The Ways We Marked Endings

Kathryn Sukalich

A bonfire at Grant Park on the beach facing Lake Michigan. Milwaukee’s skyline glowing to the north, cold sand between our toes, burnt marshmallow falling into the flames. Black waves crashing against the shoreline, inching toward us with the rising tide. We pulled our sweatshirt sleeves down over our hands, fists tight.

A walk around the neighborhood, taking pictures of the places we’d seen, but barely noticed. The highway interchange, the brick apartment buildings, the man in front of the library handing out pamphlets that read, “Got Jesus?”

A half-hearted wave, a door closing, NPR on the car radio. Headlights slicing through smoggy, mosquito-filled air.

In New York, a strawberry sundae at Serendipity, the restaurant whose walls were decorated with so many old photos and ornate mirrors we felt like we’d fallen into a movie from the twenties. The menu advertised a sundae with gold flakes that cost $1000 and required 48 hours notice to assemble. Our hair was grown out, sun streaked. Our heels clicked on the steps to the subway.

A run along the creek in the early morning, beads of dew leaping from the grass to our shoes. The air smelled like fallen leaves and smoke. The only sounds our feet thumping the ground, our inhale and exhale. Sun blanketed the golf course, where the flag on the ninth hole stood still.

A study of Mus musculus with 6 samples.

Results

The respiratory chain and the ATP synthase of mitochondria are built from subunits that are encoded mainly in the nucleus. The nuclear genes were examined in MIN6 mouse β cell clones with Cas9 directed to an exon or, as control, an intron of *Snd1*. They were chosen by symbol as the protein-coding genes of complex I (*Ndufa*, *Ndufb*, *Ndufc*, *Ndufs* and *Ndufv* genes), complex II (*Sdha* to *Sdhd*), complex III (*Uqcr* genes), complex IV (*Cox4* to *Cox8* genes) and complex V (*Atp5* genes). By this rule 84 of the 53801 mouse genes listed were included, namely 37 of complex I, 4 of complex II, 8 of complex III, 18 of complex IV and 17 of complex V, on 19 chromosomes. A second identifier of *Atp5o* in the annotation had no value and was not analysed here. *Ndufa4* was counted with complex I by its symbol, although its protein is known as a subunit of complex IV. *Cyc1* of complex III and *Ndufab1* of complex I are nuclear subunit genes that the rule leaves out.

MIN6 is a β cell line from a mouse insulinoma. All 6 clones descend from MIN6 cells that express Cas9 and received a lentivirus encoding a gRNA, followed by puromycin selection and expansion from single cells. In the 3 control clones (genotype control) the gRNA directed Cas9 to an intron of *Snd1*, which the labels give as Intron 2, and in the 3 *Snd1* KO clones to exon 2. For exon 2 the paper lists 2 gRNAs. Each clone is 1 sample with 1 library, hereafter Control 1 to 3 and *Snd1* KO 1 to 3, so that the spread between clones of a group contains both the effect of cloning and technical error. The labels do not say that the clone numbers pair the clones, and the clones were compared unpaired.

A bottle of $5 wine on the tiny wooden balcony, drunk straight from the bottle because we’d packed up all the glasses. We sat crossed-legged, careful to avoid splinters, and watched the tenants in the apartment below move a mattress. The grass in the courtyard grew brown and patchy. We fed the last of the wine to our potted philodendron. In the stairwell on the way out, one of the guys from downstairs said, “So you’re getting out, too? Good decision.”

The ritual “Cleaning Out of the Desks” in our shared office. Finding old photos and postcards we’d pinned up. Empty Scotch tape containers and a pair of flip-flops from a rainy day when one of us tried to keep our dress shoes nice. The air still smelled stale, old, like the day we’d moved in. We recalled the time we’d found a live bat in the hallway, the time we’d found a dead sparrow behind the recycling bin. We peeled posters off the walls, but left the world map where we’d marked the places we came from.

Another bonfire, this time on the concrete slab we called a back porch outside our rented townhouse in central Iowa. The smoke of our burning words—essays, tests, stories—billowed up, blocking out the white-yellow moon. Some said, if you listened closely, you could hear the corn growing, its roots grabbing down into the soil, its leaves curling up into the sky. It made us wish for a moment that we belonged to a generation more rooted, less transient, less prone to packing up and heading out, our cars plunging through the sticky night air to new beginnings.